Syndicated from Smart Data Collective
Some time ago Neil Raden and I did some research on analytics. It was clear as we did this that there were two main threads of analytic use in companies – risk analytics and opportunity analytics. I blogged before on the use of analytics to manage risk one risk at a time so I thought I would write about opportunity analytics.
Risk analytics are about using historical data to make a prediction about the risk of a particular customer, a particular transaction going or being bad in some way. Risk analytics help you estimate and account for the downside risk of a decision – if I get this wrong, what’s the worst that could happen? Opportunity analytics, in contrast, are focused on estimating the upside – the opportunity.
I regularly write about the importance of focusing analytics on operational decisions and their role as a corporate asset. If we think about these kinds of operational decisions then opportunity analytics come to bear on customer-centric decisions like cross-sell and up-sell decisions, or decisions to retain a customer who has called to cancel. Opportunity analytics are used to answer questions like how profitable might this customer be in the future, how profitable might they be if they accept this offer, which offer is most likely to attract them? Opportunity analytics predict response, opportunity, potential. They predict the propensity of customers to buy products, the likely profitability of a customer if they buy a particular product, which offer is likely to be most appealing to a prospect.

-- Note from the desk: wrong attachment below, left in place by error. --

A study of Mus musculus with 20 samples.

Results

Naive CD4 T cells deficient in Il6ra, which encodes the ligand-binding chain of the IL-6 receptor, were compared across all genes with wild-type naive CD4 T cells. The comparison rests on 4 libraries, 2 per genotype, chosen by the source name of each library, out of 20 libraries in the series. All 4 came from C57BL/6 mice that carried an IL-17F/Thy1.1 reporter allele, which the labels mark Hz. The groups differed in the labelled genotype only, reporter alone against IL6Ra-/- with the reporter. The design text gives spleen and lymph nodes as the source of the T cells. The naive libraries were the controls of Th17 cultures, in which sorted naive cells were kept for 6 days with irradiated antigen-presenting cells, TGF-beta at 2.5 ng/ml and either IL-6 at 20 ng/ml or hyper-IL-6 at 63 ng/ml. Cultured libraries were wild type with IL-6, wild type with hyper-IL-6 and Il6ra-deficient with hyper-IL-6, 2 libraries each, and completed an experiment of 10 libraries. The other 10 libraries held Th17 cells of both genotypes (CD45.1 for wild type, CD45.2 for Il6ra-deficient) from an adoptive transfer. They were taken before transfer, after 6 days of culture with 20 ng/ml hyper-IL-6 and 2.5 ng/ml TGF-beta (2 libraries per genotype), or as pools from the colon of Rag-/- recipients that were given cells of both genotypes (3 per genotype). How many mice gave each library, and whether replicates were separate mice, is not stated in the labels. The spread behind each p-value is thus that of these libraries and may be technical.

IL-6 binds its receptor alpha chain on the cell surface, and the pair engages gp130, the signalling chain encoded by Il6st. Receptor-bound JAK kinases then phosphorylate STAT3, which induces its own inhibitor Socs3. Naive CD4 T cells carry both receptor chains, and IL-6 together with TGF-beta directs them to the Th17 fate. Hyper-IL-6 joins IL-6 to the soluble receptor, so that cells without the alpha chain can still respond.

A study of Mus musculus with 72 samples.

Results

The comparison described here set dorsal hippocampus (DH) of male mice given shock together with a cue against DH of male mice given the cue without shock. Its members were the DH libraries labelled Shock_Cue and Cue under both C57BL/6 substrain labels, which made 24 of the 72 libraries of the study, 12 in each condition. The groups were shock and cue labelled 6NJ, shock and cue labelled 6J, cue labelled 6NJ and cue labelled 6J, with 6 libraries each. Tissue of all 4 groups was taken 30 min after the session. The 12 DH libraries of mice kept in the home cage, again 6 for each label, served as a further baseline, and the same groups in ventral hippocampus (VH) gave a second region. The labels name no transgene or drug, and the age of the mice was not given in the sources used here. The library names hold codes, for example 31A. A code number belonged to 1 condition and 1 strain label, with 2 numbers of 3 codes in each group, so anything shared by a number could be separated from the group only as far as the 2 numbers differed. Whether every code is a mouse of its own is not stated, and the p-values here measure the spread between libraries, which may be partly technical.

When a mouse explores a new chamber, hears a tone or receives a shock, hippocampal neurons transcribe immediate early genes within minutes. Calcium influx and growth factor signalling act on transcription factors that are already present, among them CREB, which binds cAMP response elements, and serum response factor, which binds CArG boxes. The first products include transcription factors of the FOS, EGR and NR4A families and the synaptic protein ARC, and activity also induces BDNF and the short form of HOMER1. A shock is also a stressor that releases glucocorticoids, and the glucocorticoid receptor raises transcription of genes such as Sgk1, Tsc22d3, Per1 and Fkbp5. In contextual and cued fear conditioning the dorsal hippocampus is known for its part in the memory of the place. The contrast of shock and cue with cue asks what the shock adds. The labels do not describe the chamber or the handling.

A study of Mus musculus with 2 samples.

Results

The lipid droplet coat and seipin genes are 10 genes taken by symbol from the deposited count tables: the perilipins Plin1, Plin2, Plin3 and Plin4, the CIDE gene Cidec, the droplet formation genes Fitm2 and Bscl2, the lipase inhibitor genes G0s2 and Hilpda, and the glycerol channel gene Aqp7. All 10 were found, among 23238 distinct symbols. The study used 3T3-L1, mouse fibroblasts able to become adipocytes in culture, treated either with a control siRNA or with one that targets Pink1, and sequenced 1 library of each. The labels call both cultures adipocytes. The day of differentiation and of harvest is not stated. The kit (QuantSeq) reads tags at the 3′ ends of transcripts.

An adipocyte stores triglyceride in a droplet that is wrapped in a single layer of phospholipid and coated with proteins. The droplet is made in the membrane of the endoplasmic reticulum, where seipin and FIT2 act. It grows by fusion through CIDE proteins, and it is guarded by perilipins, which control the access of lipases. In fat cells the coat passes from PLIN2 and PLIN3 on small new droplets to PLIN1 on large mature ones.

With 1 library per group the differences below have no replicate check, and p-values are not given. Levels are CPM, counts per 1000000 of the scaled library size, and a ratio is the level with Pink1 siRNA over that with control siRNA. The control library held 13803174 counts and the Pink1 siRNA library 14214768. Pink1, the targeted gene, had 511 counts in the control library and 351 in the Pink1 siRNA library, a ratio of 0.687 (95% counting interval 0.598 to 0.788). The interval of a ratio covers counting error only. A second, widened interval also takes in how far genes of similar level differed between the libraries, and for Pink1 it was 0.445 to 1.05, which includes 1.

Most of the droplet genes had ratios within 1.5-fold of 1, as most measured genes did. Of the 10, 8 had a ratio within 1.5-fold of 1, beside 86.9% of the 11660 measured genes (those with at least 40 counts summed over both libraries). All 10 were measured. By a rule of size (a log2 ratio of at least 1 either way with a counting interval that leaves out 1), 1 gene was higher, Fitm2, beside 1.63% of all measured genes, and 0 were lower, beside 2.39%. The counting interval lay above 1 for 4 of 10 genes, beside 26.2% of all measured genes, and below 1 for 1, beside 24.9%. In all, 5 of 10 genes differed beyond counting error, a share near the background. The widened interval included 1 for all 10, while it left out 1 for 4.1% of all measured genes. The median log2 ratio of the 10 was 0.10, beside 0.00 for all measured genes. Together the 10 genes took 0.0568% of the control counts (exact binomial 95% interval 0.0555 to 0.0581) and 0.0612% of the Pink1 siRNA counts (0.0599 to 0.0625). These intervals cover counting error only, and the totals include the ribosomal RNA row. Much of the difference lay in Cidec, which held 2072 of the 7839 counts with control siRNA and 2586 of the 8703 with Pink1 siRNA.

Unlike risk decisions, there is often little difference between good and bad opportunity-centric decisions. If a company gets such a decision right, they might increase the profitability of a customer, or retain a customer into the future. They have little exposure if they make a bad decision. While, in theory, a bad cross-sell offer might so annoy a customer that they abandon their primary purchase, this kind of negative impact is highly unlikely. With opportunity analytics, companies are trying to maximize their upside not manage their downside. A poorly made risk-centric decision can result in fraud, bad debts, theft. A poorly made opportunity-centric decision simply wastes an opportunity to increase profitability.
This difference changes the cost justification of analytics. Risk decisions have been the more common use of data mining and predictive analytics historically because the time, hardware and skills involved could be easily justified by avoiding the potentially huge downside. Opportunity analytics are growing fast, however, as the tools get easier to use and the cost of hardware and data management continue to drop precipitously. With new tools, and more readily available experience, squeezing extra profit out of these decisions with analytics is becoming more and more worthwhile. The embedding of analytics into decision-making systems for marketing and CRM is increasingly common. Because opportunity analytics are targeting small improvements, they must change rapidly to take advantage of competitive and market circumstances. This drives an ever-increasing use of adaptive analytic models, those that use automated experimentation to constantly adapt and refine an analytic model.
Opportunity analytics may not have the pay off that risk analytics do but companies should still be thinking about using their customer data to maximize the value of every opportunity.